While we all like to think that we meet our clients' needs and that our quality of service is tip-top, there are still occasions when our clients disagree! In the current climate, clients have become very choosy, and feel more confident to say when they are not happy with something. So before it gets to the stage where we start to look foolish, lose our clients or they take matters further, here are some helpful tips for dealing with complaints:
1. Let the client have their say. When someone is angry or upset it is helpful for them to have the opportunity to "let off steam". It also indicates to the client that you are willing to take the time to listen.
2. Say you are sorry to hear what has happened. This does not mean you are admitting that you or the firm are in the wrong, but that you are sorry the client thinks this is the case and is upset. This apology often goes a long way to placating the client and brings them to a less emotional state of mind from which you can discuss the situation on a rational basis.
3. Listen actively. Show that you are listening by using listening noises such as "Yes", "right", "OK". Check your understanding by reflecting back what has been said. Make notes as you go along, and if this is happening in person, make sure that the client can see what you are writing as this builds trust.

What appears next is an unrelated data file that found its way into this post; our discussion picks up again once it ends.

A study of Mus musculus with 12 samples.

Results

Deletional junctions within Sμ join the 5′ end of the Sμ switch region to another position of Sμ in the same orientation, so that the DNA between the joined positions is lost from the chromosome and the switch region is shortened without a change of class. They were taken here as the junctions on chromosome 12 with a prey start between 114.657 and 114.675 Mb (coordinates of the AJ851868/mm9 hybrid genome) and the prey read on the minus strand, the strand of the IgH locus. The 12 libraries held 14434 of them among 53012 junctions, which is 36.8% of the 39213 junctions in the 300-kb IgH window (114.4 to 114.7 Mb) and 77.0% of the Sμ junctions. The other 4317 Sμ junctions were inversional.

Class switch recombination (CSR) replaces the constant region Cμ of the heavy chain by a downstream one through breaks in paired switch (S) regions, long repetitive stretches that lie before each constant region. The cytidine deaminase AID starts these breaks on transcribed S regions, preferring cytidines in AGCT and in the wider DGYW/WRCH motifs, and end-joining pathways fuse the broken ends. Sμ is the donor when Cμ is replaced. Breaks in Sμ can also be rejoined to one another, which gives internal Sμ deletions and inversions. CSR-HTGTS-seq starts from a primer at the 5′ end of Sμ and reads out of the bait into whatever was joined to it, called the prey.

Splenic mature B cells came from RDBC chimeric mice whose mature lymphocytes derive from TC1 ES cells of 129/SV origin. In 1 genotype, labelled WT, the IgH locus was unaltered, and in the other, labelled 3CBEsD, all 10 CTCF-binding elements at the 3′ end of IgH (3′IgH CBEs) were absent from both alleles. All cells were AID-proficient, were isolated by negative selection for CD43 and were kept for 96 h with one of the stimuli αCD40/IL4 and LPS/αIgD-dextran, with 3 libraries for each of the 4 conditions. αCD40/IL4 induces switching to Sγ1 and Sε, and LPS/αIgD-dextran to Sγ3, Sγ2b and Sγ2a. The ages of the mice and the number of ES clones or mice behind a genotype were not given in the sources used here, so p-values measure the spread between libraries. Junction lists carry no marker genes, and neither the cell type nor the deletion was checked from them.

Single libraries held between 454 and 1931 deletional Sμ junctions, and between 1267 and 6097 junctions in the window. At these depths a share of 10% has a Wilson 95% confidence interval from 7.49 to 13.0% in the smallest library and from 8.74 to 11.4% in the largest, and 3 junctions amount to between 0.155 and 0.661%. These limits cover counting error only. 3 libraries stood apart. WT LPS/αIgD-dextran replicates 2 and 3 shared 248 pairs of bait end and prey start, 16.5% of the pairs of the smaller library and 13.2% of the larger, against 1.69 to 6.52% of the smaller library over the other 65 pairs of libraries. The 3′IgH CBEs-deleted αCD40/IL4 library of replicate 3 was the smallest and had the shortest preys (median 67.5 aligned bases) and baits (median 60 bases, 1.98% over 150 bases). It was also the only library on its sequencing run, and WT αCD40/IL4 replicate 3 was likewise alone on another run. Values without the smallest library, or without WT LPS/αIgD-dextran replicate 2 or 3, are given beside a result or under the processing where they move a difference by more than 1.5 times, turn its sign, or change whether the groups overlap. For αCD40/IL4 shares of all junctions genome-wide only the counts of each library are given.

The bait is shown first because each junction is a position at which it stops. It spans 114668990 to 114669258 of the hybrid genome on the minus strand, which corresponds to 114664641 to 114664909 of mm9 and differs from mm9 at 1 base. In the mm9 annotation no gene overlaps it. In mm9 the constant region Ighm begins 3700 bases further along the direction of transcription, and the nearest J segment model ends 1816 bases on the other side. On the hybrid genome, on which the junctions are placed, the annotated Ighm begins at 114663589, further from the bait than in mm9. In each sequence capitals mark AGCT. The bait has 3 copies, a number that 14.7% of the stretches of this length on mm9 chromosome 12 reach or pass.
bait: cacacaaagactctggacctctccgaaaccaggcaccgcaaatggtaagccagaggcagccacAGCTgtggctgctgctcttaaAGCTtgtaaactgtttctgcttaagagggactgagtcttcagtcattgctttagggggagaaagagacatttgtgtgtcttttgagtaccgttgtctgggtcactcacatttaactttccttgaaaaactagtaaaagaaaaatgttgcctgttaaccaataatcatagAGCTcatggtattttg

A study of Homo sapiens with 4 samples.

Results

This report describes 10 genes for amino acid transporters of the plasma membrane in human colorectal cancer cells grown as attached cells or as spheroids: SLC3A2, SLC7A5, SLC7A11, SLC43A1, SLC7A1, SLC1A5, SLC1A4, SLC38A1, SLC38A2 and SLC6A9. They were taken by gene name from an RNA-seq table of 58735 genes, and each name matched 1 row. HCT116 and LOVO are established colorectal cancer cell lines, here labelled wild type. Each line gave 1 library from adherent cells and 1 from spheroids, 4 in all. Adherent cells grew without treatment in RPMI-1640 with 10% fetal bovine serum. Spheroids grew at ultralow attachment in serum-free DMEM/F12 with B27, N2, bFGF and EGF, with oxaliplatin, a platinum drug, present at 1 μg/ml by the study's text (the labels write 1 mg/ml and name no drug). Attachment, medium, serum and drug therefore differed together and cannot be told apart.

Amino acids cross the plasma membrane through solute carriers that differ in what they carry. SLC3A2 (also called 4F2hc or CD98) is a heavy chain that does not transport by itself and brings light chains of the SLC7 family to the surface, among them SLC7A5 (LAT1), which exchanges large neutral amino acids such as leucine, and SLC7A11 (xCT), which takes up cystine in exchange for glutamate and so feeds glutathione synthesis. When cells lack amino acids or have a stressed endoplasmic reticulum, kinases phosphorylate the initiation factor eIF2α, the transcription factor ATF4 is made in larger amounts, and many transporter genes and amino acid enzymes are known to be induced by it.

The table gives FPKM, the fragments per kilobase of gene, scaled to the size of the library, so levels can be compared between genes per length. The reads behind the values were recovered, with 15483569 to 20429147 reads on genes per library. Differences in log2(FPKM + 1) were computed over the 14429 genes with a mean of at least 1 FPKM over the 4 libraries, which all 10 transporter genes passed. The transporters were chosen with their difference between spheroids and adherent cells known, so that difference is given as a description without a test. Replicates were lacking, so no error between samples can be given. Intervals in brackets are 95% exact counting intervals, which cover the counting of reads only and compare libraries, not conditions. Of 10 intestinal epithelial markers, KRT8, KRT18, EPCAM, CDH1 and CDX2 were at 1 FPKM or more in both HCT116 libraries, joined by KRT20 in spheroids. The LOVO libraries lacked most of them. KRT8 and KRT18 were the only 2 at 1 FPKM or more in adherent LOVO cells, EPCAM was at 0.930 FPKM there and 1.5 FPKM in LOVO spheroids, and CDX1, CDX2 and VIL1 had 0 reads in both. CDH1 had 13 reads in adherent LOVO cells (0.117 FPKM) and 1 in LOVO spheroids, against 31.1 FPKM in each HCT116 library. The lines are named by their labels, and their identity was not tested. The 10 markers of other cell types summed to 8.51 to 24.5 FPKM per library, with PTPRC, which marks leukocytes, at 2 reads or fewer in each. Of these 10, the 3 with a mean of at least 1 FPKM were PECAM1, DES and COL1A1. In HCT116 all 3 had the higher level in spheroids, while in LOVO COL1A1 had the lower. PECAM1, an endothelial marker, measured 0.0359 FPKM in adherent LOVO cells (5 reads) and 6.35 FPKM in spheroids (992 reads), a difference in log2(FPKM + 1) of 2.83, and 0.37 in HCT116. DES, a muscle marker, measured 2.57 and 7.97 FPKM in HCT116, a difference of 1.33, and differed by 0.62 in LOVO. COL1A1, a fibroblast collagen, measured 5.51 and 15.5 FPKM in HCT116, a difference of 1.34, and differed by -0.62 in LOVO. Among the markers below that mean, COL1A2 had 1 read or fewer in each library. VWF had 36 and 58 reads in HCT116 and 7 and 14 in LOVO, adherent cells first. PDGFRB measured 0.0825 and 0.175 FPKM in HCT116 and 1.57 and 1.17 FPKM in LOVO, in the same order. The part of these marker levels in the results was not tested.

4. Find out the facts by questioning effectively. Make sure you get to the heart of the problem. Often there can be more than one problem - make sure you find out all of them. Remember that the client may not always voice them in order of importance.
5. Keep an open mind and do not make assumptions. This is easier said than done, but vital if you are to remain in control of your thinking and the situation. If the complaint is about something that someone else has or has not done, then aim to be impartial – don’t defend or criticise your colleague or firm.
6. Do not argue or be defensive – this will simply wind-up your client further! Instead, concentrate on the situation (facts), not the personalities, and focus on solutions. The more solution options there are for the client to choose from, the greater the chances of a satisfied customer.
7. Ask the client what outcome they want. This is really why they are complaining in the first place: they want something done! So, do they want someone to visit and talk through the problem? Or do they want another copy of a document sent by courier? Try to build on the client’s ideas and suggestions.
8. Explain what you cannot do and concentrate on what you can do. For example: "I am not able to access the file/network at present however I can get you a copy by two o'clock by courier, or by one o'clock if I fax it to you." Be careful only to provide solutions that are within your control, and allow yourself enough time for your actions to be sanctioned, if that is necessary.
9. Do not impose your own solution or agree to whatever the client has asked for, just to get them off your back. You must reach a solution that both you and the client find acceptable. So ask them which solution they would prefer! This involves them in the process and gives them back a feeling of control.
10. Always summarise what you have agreed. Remember to check that the client understands what you cannot do, what you are going to do, and agree on a deadline.